Does the inspiration behind a “starving artist” stem from madness or necessity? The pursuit of life in the art world often provokes many uncertainties and responses. But with each pursuit, there’s a journey and incredible story to tell.
Katherine Nulicek and Erika Romero, who sit side-by-side painting on a recent bright, sunny morning in their elective studio, have a lot to be happy about. Nulicek and Romero have just completed their first of three faculty reviews required by the art studio graduate program which removes their conditional status for the next 10 months. Despite their calm disposition, things weren’t always this way.
Romero moved to the United States in 1994 from Guadalajara, Mexico and did her undergraduate studies at a community college in San Antonio, Tex. However, the transition from Texas to California has had a big effect on her perception of the art world.
“It’s about struggling,” said Romero. “Being in a place where you don’t know anybody, it makes you realize more about yourself. I usually do figures but recently I’m doing a lot of abstract paintings that are really gestural. So maybe it’s a reflection of my current struggles – something that I’m discovering that is new about breaking barriers in these new aspects of my life.
Although Romero was exposed to art at an early stage, it wasn’t until relatively recently that she discovered she wanted to pursue it as a career.
“I remember when I was 16, and my brother was 17 and I would watch him render figures so well,” said Romero. “We would just sit down and talk about art. I just knew I wanted to be some type of artist. I could be a musician, or a singer – I didn’t know I was able to paint until later in life. I went through a hard episode in my life that had me in rehab. They encouraged me to do art classes so I could concentrate better. That’s when I realized I definitely had a passion for it.”
Like Romero, Katherine Nulicek changed her scene and environment drastically to be here in the program. Moving from a little rural town outside of Chicago, Nulicek chose the UCD graduate program based upon the hands-on studio work it has to offer.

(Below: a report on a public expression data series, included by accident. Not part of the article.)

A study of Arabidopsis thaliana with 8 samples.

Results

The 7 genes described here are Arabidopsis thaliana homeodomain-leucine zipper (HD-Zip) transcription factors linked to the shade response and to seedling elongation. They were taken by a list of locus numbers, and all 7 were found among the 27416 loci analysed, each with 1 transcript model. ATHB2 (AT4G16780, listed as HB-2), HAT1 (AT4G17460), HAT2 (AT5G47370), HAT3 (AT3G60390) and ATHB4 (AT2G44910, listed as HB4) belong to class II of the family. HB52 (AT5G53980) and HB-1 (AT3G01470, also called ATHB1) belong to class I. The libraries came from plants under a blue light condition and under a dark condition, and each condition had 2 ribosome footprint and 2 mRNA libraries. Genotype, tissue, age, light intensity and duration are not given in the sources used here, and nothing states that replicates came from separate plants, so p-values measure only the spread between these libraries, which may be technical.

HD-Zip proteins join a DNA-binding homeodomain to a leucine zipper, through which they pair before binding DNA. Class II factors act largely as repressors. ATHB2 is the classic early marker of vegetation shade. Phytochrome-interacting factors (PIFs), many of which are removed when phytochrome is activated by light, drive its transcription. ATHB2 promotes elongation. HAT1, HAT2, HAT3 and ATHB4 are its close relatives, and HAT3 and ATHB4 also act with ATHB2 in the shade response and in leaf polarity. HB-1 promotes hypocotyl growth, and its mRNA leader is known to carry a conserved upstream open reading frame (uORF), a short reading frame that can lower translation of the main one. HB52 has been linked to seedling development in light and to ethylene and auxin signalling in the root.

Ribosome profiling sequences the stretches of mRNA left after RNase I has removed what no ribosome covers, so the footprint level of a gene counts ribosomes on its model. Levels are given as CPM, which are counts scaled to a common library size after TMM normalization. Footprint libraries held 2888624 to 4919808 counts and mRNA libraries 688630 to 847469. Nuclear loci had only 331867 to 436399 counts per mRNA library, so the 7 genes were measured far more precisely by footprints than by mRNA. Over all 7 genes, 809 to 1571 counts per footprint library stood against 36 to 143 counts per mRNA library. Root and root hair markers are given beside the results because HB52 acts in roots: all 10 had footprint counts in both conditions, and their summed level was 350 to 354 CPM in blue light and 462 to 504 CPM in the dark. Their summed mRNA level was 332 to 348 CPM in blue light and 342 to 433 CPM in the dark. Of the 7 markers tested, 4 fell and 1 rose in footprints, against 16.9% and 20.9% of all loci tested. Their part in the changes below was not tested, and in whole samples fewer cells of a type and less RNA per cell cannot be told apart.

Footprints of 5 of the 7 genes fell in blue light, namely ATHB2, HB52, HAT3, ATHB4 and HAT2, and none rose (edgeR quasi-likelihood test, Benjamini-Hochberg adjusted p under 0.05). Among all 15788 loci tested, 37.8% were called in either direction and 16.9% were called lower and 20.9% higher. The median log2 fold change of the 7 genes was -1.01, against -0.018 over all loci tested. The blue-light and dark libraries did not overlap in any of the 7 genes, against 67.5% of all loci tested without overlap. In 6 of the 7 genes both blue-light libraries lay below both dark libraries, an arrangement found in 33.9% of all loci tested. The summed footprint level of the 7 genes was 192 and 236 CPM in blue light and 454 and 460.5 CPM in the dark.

“I wanted to get out of the Midwest,” Nulicek said. “It’s important because it gives you perspective to get out of your hometown and experience a whole new environment altogether. The energy is really different here. I know this is sort of an abstract idea but it’s just a different energy.”
Nulicek believes that art is a vital element of what keeps our world going – despite common misconceptions regarding the argument around pursuing vocation versus passion.
“I think the world needs artists,” Nulicek said. “I think it’s sort of a precarious situation to get yourself into financially. You probably heard the term “starving artist.” But I think art is a necessity for human beings and it’s been for a long time. Money will work itself out and a job will work itself out, you just have to follow a path with heart.”
Aside from her general passion for the arts, the urban landscape and natural surroundings contribute greatly to her artwork and creations.
“My major inspirations come from the different environments,” Nulicek said. “The urban environment is an inspiration to me as well as a rural environment. Nature always plays a big role [in] life. The energy it has and how it funnels into the work. It’s sort of ultimate work.”
Both Romero and Nulicek’s medium of choice is oil and acrylic on large canvases. However, they both continue to explore and grasp all the different aspects the program has to offer in a hands-on and practicable approach.
“What’s important for us is the focus on work in the studio,” says Hearne Pardee, art department chair. “We work on keeping the boundaries open – no one is defined as a ‘painter,’ even though that may be their major focus, but rather encouraged to look at their work from a variety of perspectives. The emphasis is not on theorizing or concepts until after the student is engaged in their process of making things.”
UYEN CAO can be reached at firstname.lastname@example.org.